Trip Down Nostalgia Street, vol 8

Welcome to another trip down Nostalgia Street. We’re going to set the dial on the time machine back to the 2600 days, and we’re going to get our feet wet this time. Actually, we’re getting soaked, because we’re visiting the lost city of Atlantis!

2600 cartridge art always looked 853 times cooler than the game really was.

Atlantis is a classic stationary shooter, along the lines of Missile Command and Space Invaders. Your job is to defend Atlantis against the attacking Gorgons, and you have a whopping 3 cannons with which to do so. Like soooooo many 2600 games, there is no end to the game, it is a simple “hang on to life by your fingernails until you get a high score” kind of experience.

The city of Atlantis consists of a domed thing, a bridged thing, a blocky thing, and 3 vibrator things that strobe constantly. The central cannon is also part of the city, and all of these things can, and will, be destroyed by the descending enemy. If any of the items that make up Atlantis are destroyed, you get one (and only one) back at the beginning of the next wave. The 2 side cannons are permanent.

The Gorgon ships begin at a leisurely pace, slowly meandering on the screen from side to side. They must descend 4 times before they can unleash their beams of hideous screaming fucking death upon Atlantis, and in the first waves, it appears that the game might be ridiculously simple.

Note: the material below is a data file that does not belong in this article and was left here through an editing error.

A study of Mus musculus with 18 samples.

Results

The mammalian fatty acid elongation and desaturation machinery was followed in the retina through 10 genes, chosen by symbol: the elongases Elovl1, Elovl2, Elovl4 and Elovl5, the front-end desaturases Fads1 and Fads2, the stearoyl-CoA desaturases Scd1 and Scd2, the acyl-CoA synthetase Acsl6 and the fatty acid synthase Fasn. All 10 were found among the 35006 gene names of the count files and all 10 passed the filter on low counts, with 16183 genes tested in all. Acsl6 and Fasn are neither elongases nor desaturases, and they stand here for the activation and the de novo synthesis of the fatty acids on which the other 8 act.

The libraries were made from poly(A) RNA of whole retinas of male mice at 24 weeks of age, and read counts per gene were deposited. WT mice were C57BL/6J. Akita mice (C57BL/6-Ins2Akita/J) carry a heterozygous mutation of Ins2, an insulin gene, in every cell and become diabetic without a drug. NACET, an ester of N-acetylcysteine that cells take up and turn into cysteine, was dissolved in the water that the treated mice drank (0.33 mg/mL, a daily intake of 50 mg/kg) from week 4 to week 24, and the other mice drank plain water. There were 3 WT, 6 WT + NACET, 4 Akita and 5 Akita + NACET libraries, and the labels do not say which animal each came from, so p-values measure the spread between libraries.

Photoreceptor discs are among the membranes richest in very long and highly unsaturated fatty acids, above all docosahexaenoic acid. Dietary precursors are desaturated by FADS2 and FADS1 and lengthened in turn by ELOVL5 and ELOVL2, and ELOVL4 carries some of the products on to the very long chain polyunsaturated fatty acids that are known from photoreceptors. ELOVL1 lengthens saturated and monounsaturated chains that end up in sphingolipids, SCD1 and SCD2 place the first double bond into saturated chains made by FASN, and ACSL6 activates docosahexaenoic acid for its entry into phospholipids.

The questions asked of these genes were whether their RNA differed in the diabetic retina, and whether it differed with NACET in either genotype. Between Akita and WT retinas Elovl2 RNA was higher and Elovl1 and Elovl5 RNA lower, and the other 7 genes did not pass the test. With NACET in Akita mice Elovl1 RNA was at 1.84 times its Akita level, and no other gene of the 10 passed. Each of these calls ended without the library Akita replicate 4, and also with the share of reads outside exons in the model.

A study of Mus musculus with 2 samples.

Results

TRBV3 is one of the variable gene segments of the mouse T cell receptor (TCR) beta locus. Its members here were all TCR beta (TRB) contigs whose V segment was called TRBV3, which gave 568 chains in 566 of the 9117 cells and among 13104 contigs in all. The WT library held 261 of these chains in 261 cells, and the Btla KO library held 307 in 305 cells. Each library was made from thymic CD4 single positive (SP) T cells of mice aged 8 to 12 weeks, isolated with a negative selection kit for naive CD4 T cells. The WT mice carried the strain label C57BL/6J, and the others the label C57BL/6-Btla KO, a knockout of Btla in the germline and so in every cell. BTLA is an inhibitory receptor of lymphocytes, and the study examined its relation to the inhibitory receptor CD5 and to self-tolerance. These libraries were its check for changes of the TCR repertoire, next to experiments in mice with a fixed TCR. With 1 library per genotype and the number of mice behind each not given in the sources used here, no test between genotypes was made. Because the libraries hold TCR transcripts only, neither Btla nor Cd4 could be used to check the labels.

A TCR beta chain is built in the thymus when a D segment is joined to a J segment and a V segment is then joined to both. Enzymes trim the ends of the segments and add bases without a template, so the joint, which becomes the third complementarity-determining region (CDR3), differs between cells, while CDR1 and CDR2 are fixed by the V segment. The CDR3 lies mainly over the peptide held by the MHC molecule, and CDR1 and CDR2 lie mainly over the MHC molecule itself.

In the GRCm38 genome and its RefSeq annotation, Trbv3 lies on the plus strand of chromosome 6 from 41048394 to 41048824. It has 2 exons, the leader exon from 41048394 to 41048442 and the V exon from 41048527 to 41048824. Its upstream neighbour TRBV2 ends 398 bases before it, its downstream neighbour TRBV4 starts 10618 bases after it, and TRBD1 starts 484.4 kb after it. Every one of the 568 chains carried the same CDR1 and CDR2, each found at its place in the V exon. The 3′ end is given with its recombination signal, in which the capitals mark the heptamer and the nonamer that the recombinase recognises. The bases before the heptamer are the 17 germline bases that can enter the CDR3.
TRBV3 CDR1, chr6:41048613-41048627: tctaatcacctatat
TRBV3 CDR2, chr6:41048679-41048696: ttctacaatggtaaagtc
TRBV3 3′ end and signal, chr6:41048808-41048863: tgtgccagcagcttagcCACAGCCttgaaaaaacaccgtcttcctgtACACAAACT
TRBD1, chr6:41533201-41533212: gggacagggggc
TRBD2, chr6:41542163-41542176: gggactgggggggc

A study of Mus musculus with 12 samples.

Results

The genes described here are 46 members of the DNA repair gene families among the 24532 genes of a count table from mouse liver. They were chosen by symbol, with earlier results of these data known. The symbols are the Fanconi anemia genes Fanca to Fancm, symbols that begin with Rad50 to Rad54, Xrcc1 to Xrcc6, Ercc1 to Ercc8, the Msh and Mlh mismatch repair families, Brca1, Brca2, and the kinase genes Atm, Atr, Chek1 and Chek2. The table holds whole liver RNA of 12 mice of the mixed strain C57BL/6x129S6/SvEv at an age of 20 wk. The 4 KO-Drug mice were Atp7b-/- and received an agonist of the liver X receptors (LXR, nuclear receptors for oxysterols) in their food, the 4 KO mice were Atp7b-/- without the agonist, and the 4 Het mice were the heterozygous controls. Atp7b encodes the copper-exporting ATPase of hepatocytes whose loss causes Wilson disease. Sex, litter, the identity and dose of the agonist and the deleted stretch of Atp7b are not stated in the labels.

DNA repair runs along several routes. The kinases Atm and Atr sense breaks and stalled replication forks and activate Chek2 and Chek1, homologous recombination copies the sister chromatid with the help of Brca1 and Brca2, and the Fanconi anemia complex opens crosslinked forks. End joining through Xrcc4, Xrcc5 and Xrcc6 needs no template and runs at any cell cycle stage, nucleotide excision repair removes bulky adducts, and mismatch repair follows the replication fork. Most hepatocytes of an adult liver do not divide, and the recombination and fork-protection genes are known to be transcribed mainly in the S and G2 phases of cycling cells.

Having lulled you into a false sense of capability, that’s when the game goes into bend you over mode, and the enemy ships exist on the screen as flashes of color streaking by at the speed of “Oh, shit.” You have to predict when they will get to the spot your shots intersect their path, because attempting to react to them will result in a close encounter with lots of BOOM, of the you-fucking-loser kind. At times, it is like attempting to skeet shoot with an SR-71 at full throttle as the clay. This game gets a 6 on the controller tossing scale for that very reason. (That’s not a 1-10 scale, that’s how many replacement controllers you have to buy.)

The Atlanteans await their doom

One interesting feature of this game actually happens when you lose, which of course you eventually must. Unless of course you toss your controller and flip off the power for the umpty-fifth time.

When the last bit of Atlantis lies in bubbly ruin, you watch as a ship eerily resembling a Cylon basestar flutters off the screen. This is a direct lead in to the game’s sequel, Cosmic Ark, in which you play the survivors of Atlantis. To my knowledge, this was the first attempt at a sequel storyline video game. At the time, this was not “story” but a “marketing decision”. I’m not sure how well that worked out; I know that I didn’t play Cosmic Ark.

The soundtrack of this game was nothing more than a series of annoying beeps, signaling “wave started”, “wave finished”, and “you’re fucked”. There was no music, just that high pitched harpy screech beep of doom, leaving your parents’ ears to bleed if they stayed in the room too long. Children were oddly unaffected, giving rise to my hypothesis that they were actually some form of mind control code. Beep beep beep. Yes, master.

There had to be some mind control element to it, because I remember hitting reset over and over and over, striving for just one more destroyed Gorgon ship, for just a bit higher of a score. Or maybe it was just a fun and addictive bastard, far more fun than homework. Either way, I know that I wasted more than a bit of time pounding the fire button to defend my watery people from the Gorgon invasion on Nostalgia Street.